1. Bearing the soul is the gateway to authentic art.
  2. Making art a priority is concurrently a rebellious and a virtuous act.
  3. The amount of art and design on the internet is astonishing. I perceive much of it as better than what I do. I do not make art to be better than anyone else, or even to be very good at all. I do it because it's what I do.
  4. Art is directly related to my personal spiritual path. Putting myself in accord with my bliss (what fascinates me) acts as a signpost to help navigate that path.
  5. Materials and resources are to be valued with great respect.
  6. Becoming widely recognized (aka famous) is not the point. Human empathy and connection is the point.
  7. "I know it's only rock n' roll but I like it."
  8. Making money is the icing, not the cake.
  9. Advertising dilutes art. Unless it's really, really good advertising.
  10. Too much attention to quality can stifle art.
  11. The like or dislike of the work is not an indication of it's value.
  12. The less I know, the more fun I have.
  13. The narrative behind the work is as important as the work itself.
  14. The things that I consider tragedies sometimes (always) end up working in my favor.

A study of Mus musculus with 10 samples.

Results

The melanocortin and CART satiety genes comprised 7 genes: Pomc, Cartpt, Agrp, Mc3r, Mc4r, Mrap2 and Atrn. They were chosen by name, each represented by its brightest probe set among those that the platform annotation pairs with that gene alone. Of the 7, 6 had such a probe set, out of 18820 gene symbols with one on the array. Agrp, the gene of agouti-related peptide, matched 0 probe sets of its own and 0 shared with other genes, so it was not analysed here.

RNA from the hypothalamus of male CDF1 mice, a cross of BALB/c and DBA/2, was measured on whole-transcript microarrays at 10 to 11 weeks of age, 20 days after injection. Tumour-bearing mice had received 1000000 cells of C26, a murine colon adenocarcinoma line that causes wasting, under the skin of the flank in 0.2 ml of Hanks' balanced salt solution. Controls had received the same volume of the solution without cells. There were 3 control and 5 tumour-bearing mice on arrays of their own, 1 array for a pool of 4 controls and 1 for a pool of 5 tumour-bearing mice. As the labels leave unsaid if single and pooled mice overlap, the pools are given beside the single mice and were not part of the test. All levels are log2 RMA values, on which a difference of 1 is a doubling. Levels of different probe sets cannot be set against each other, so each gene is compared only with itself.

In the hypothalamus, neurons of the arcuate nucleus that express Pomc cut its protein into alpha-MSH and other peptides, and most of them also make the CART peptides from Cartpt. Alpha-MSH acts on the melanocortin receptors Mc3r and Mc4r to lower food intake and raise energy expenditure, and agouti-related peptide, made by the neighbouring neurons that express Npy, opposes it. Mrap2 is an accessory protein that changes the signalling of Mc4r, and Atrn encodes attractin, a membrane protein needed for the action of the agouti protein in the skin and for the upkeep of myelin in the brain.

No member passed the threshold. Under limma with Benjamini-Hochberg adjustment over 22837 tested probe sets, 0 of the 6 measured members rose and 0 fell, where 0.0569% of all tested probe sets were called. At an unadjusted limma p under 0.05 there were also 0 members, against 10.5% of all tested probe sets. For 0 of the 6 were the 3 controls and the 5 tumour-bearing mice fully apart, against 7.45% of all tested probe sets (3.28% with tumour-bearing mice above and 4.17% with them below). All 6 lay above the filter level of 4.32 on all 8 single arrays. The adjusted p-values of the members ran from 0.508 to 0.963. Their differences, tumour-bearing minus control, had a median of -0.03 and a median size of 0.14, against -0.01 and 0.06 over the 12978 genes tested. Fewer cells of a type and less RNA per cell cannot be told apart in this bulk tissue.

15. Manifesto.3
  16. Liberation (nirv(bb)ana), will not arrive in the form of an email.
Pablo Medina has a BFA in drawing and a MS in communication design from Brooklyn’s Pratt Institute. Fresh out of grad school he teamed up with David Carson (one of his design heroes), and set out to infuse the design world with his flair of post-modernist typeface designs that drew from his love of Latin-American popular culture. For the past ten years, he has run his own multi-disciplinary graphic design studio called Cubanica that is located in the heart of the East Village of New York City. Pablo is Assistant Professor of Communication Design at Parsons the New School for Design and has taught there since the year 2000. He has also taught at Maryland Institute College of Art (MICA) and at California College of the Arts (CCA). In 1999, his typeface designs were exhibited in the Design Triennial exhibition at the Smithsonian’s Cooper Hewitt Museum.